Review: The strange disappointment that was “The Nowhere Inn”
Review: The bizarre film "The Nowhere Inn"
The Nowhere Inn was so close to hitting the mark but fell short in almost every category. While the premise was promising it was the execution that made the film falter.
Directed by Bill Benz, The Nowhere Inn explores the life of the musician Annie Clark, better known as her stage name St. Vincent, and her friend, writer and director, Carrie Brownstein. However, it is not a documentary, it is a narrative film where St. Vincent and Brownstein play fictionalized versions of themselves. The audience follows these two as they set out to make a documentary about St. Vincent and things go off the rails quickly.
What makes this film redeemable is the message. It explores the idea of the conflict between reality and the artist’s vision. It staunchly claims that documentaries are always controlled by the artist, and you can’t really know what is true and what is a show.
St. Vincent’s score is wonderfully weird and sets the tone for the movie. The title song is beautiful and very fitting for the message of the show.
“Here at the Nowhere Inn / The hallways are labyrinths / Where I last sold my myth / Now I live at the Nowhere Inn”
These lyrics expose the maze of stardom and the myth of St. Vincent that she created for herself. What makes it even more effective is St. Vincent and Brownstein wrote the song together for the documentary. It shows the audience how their partnership has fallen apart, and St. Vincent has lost herself in her persona.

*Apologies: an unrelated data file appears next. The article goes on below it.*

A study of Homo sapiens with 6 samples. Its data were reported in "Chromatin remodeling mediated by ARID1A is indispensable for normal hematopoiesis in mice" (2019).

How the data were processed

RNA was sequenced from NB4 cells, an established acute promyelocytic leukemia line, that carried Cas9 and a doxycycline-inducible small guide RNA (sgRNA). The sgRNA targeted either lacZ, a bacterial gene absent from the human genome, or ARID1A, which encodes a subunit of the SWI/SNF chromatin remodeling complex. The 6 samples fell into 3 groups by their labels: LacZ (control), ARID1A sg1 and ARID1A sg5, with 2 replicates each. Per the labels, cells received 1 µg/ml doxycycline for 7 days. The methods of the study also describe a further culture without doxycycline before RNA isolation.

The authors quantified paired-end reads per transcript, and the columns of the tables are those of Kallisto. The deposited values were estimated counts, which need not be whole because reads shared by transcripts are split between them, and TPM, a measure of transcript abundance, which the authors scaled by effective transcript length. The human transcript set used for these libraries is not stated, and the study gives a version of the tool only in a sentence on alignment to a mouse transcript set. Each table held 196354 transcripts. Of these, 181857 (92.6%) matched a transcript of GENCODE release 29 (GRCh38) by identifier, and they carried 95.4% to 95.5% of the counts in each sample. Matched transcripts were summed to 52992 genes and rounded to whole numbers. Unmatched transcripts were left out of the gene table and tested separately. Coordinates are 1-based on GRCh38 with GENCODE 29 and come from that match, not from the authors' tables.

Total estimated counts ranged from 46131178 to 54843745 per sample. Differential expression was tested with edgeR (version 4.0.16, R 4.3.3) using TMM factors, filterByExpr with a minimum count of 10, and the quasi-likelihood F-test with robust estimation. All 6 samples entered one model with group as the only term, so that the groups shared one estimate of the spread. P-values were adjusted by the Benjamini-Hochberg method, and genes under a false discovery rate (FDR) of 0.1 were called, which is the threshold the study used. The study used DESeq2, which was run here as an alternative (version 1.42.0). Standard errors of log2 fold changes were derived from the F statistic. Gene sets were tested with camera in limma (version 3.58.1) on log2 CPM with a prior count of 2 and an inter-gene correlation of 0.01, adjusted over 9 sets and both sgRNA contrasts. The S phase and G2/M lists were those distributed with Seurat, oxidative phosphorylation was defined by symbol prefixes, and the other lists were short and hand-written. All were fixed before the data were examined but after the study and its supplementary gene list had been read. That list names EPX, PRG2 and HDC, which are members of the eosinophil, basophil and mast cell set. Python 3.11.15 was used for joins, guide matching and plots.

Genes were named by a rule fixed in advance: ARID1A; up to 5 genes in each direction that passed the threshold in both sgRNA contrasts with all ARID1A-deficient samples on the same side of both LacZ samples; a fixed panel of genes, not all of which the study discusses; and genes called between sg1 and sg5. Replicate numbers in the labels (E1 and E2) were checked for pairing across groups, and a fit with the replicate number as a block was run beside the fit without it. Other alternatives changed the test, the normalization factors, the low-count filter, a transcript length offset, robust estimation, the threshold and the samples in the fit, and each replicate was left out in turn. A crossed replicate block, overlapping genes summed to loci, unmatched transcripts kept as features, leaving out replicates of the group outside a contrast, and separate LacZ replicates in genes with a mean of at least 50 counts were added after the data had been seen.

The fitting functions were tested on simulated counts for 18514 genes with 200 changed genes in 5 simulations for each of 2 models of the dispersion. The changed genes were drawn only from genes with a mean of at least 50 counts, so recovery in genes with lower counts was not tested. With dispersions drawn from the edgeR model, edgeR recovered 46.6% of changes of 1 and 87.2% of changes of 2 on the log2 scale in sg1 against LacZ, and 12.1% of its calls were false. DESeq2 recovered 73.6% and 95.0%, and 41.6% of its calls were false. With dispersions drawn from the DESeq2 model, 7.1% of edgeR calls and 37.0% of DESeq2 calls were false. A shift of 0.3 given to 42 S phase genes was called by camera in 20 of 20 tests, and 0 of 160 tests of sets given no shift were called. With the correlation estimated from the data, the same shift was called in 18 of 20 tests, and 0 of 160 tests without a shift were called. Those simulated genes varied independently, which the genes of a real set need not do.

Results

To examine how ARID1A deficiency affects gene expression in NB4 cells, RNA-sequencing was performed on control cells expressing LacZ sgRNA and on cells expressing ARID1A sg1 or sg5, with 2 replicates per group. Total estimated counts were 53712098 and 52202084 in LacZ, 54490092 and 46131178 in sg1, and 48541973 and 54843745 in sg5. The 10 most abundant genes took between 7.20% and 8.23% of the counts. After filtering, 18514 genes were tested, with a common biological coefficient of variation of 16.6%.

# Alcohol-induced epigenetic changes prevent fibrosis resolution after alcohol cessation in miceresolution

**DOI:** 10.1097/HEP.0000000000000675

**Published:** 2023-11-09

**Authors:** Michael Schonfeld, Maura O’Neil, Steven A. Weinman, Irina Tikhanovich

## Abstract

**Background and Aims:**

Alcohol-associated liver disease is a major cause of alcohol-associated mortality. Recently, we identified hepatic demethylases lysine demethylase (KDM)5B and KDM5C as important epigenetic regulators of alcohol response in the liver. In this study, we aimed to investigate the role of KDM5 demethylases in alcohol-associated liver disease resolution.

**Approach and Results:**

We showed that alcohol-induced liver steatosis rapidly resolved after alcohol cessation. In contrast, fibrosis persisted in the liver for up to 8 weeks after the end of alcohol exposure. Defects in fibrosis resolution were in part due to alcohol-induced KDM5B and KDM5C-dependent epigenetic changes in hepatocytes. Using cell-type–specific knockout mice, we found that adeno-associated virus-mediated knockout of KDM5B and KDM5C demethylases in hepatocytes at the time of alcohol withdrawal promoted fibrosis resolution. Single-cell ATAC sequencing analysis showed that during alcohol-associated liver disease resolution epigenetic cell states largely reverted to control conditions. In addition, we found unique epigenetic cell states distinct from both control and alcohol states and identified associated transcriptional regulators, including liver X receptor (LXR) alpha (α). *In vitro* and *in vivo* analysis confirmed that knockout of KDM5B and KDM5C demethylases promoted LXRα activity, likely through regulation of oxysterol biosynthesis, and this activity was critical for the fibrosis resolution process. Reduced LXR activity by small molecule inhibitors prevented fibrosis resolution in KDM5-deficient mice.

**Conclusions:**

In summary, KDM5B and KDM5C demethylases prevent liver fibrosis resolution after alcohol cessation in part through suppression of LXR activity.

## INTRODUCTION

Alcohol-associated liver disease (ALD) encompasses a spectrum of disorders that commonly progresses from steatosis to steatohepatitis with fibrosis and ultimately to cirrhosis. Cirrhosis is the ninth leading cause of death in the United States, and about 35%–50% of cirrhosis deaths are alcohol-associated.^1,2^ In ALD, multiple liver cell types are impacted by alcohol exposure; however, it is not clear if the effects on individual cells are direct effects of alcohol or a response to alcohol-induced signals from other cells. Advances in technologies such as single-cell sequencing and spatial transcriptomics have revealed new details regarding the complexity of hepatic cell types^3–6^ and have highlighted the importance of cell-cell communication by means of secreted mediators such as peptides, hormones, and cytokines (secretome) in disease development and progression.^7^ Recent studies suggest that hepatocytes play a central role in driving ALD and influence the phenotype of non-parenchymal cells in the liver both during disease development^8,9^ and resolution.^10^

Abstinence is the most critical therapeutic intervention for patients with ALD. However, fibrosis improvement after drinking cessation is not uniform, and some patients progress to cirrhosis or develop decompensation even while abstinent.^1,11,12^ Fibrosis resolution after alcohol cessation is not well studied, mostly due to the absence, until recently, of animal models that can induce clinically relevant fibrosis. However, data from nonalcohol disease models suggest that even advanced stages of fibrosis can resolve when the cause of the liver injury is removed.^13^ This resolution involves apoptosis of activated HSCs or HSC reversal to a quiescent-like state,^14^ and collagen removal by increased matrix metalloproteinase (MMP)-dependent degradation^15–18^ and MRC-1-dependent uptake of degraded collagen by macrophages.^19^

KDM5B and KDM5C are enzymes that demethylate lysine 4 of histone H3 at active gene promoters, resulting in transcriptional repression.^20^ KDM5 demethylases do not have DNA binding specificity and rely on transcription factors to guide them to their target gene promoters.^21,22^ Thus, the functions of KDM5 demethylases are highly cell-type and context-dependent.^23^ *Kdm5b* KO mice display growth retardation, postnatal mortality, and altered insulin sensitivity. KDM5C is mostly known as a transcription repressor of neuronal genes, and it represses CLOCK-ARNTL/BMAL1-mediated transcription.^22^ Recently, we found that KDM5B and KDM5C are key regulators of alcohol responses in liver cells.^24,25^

It was satisfying seeing the film come full circle. It opens with St. Vincent in an interview telling the story of what went wrong while filming the documentary. Then, the final sequence shows that scene again, but this time revealing everything that we have seen is fictional and completely controlled by her.
The idea of an artist’s vision and control are vital to the film; however, the filmmakers try to take it to the extreme but miss the mark.
The film begins with Brownstein’s vision of the documentary but about halfway through it switches to St. Vincent’s and that is where things start to get weird.
Although that always seemed like the film’s trajectory, I expected a slow descent into madness rather than a weird montage of scenes that attempted to be artistic metaphors for something that I could not understand.
When Clark loses herself entirely to become St. Vincent and things get wild. However, this moment was underwhelming. To be successful at that moment, Benz should have embraced the wild and descended into utter madness, rather than settle for mediocre, confusing weirdness. Rather than using satirical sketch-like scenes of St. Vincent only selling her wigs for merchandise or creating a fictional western world with her fake family in it, it should have been one cohesive absolutely insane scene.
This film left me confused and wanting more. It was setting up a lot of promising themes that it just didn’t deliver. The Nowhere Inn should have either been a melodrama about the perils of persona or a horror film about an artist losing themselves in their creative vision. But, it tried to do both which made it fall flat.
In the end, was it worth one watch? Yes. Would I watch it again? Absolutely not.